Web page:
In Sardinia we contrast the archaic and pagan rites of carnival to the religious, austere and hieratic rites of the Holy week.
After the imposition of Ash Wednesday and the season of Lent, that prepare to a penitential period, people take part in the Calvary, with the statues of Our Lady of Sorrows and of Jesus on the cross. Palm Sunday is also very suggestive. All plays that celebrate Christ’s passion, death and resurrection have been influenced by the Spanish domination since the Aragon period during the XV° century, but most of all during the Baroque period of XVII° century.
The choice of a theatrical performance to represent the human and divine suffering of Jesus (represented during the flagellation of the Ecce Homo, the Calvary and the Passion on the cross) has been privileged, to the joyful and mystery moment of the Resurrection.
A typical celebration of the paschal resurrection in Sardinia is “s’incuntro”, the meeting of two processions. They both start from two different churches and follow the statues of the Virgin Mary and Jesus to meet just before the Mass starts, cheered by screams of joy (and firing blanks in Barbagia) of the believers. Catalan style celebrations in Alghero, together with Spanish style celebrations in Iglesias and those that take place in Oliena in Barbagia region are of great interest.
Dedalo tour guides suggest to take part in the most ancient and meaningful rituals that take place in Orosei, Castelsardo and Santo Lussurgiu with medieval part-songs performed by the local confraternities. In Orosei rituals of the Holy week start on Ash Wednesday with the procession of the mysteries: five little statues that represent Jesus’ suffering before his Passion on the cross.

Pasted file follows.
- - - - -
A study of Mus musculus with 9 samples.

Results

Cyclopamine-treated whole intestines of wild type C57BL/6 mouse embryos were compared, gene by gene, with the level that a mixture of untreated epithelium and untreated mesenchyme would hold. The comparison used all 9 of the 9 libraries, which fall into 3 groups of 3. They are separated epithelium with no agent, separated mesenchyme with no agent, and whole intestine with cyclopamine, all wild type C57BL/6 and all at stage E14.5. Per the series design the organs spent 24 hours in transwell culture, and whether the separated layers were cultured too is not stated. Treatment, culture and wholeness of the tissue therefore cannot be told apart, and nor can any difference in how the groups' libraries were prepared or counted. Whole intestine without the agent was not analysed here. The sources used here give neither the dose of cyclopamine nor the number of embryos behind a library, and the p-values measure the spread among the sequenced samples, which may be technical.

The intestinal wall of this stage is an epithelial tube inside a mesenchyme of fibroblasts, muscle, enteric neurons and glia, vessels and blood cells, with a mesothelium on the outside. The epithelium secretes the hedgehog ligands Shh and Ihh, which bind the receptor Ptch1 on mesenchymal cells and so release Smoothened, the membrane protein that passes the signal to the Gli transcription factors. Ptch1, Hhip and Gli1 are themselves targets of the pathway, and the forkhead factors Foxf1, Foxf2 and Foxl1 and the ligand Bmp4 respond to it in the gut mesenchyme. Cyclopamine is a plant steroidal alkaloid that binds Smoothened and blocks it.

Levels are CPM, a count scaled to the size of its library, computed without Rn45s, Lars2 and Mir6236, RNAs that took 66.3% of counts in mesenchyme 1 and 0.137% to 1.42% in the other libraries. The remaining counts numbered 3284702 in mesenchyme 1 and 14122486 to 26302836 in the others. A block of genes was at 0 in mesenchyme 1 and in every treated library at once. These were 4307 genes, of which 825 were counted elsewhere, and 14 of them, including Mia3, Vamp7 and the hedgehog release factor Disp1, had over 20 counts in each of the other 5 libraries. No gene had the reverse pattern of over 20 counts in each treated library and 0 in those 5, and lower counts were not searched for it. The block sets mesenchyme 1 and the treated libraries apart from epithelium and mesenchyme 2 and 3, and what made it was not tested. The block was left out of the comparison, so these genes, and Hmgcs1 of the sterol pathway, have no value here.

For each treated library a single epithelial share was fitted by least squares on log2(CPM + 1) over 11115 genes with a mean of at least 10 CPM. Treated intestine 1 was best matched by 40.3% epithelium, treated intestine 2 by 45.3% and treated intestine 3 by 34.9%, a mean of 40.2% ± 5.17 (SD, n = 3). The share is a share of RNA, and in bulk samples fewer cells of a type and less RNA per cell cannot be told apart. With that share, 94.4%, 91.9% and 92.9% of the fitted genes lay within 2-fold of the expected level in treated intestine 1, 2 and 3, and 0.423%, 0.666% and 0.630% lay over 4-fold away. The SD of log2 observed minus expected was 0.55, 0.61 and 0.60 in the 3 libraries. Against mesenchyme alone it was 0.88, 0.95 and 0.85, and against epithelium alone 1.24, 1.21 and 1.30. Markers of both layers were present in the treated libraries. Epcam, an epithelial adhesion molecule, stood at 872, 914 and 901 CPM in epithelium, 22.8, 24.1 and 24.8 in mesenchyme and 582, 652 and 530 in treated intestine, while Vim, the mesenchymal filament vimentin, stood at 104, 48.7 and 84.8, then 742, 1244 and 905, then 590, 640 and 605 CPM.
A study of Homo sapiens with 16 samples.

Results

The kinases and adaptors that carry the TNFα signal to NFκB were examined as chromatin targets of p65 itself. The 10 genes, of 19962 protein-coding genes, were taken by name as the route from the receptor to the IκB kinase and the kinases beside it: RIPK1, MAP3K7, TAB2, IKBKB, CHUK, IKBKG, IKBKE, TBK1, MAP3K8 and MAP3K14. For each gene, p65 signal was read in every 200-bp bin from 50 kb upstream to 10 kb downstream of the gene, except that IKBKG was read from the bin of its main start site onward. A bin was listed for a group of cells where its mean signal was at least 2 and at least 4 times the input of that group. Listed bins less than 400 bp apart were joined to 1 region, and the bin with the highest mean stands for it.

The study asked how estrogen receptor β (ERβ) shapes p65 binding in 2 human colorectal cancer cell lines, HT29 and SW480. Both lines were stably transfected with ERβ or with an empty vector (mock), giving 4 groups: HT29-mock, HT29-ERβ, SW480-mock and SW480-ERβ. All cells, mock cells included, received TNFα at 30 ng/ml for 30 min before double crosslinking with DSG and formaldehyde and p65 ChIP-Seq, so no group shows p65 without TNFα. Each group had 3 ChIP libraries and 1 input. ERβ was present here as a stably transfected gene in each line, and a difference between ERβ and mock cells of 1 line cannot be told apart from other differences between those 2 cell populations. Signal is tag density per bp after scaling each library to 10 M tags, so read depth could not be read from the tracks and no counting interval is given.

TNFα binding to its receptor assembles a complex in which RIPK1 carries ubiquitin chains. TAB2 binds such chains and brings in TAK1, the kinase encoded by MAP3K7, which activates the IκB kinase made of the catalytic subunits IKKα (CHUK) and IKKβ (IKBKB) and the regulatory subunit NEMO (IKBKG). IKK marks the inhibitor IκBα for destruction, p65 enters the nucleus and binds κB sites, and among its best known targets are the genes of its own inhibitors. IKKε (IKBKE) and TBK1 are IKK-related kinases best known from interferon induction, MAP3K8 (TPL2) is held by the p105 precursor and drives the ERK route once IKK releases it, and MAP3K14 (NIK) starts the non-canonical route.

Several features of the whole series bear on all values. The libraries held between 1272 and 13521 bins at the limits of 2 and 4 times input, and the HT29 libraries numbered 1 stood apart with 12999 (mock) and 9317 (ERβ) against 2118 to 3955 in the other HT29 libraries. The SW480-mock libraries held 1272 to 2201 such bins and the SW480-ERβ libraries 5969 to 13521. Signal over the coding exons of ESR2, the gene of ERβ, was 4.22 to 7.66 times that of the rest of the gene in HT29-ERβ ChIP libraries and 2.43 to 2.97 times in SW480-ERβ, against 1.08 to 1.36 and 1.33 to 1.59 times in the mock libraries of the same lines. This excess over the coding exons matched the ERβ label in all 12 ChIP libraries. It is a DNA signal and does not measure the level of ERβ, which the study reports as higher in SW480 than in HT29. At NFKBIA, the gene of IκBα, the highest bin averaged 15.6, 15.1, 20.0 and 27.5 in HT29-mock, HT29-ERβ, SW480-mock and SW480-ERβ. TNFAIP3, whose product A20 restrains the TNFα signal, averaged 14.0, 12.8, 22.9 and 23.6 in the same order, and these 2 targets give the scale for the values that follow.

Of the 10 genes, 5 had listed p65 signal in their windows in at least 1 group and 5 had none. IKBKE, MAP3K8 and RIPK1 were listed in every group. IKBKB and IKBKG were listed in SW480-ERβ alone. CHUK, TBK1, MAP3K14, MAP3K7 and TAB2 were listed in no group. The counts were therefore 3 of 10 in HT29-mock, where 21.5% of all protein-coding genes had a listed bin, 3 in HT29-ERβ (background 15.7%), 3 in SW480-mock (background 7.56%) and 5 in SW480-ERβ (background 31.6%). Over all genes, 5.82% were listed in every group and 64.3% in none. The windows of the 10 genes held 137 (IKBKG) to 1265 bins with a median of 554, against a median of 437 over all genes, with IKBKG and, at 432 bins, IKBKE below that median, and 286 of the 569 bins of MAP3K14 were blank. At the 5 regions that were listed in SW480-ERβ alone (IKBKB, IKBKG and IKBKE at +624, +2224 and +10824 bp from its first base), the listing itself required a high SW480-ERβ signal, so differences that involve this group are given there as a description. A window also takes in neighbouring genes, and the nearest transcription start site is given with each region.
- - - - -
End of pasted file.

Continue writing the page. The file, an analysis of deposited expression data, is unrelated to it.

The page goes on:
Rituals celebrated on Moundy Thursday, with liturgical and pagan elements related to the agrarian cult of fertility (i.e. Demetra, Persefone and Dionysus) that regenerates itself, are blended with the rituals of the offering of flower arrangements to the sepulchres and most of all with the “Nenneres”: legumes and cereals burgeoned in the dark to symbolize rebirth. Inside the churches the male choir of the brothers presents the “poli-voices” chant of “Gotzos” and of “Su Sepurcru”.
Also the processions that take place on Good Friday, during the seven stops at the seven churches, are accompanied by the singing of the brothers with the repetition of the “Gotzos de s’interru”. A suggestive monody, a dialogue between the sinner and a crucified Jesus, put an end to the celebrations on Good Friday.
On Easter Sunday for “s’incuntro” the “Gotzos de s’incuntro” are tuned (Regina Coeli and Magnificat). In Castelsardo celebrations of the Holy week are accompanied by the very old “poli-voices” chants, a hybrid between Gregorian chants and Sardinian polyphony performed by the choirs of the confraternity.
Celebrations start on Holy Monday (“Lunissanti”) only in Castelsardo with the procession of the mysteries instituted by the Benedectine monks during the XIII° century. They are accompanied by the wooden statue of the Pity of 1300 and by the choir of the “Stabat”. The Ceremony finishes in Tergu with the Mass and the funeral song of the “Attittu” that contemplates Jesus’ death. Late in the evening the procession passes through the streets of the historic centre of Castelsardo, lighten by the torches held by brothers and sisters, while the crowd absorbed, listen to the songs of “Miserere”, “Stabat Mater” and “Jesus”.
All choirs are composed of four voices: “bassu, contra, bogi, falzittu”. Once inside the church of S. Maria the choir will sing the “De profundis” while the celebration of the last supper will take place at the Prior’s. After dinner the choir will sing the “Te Deum”.
On Moundy Thursday’s night the Black Christ is carried during the Procession. It is a wooden cross of 1300 commissioned by the Benedictines of Tergu, similar to the one in Montecassino.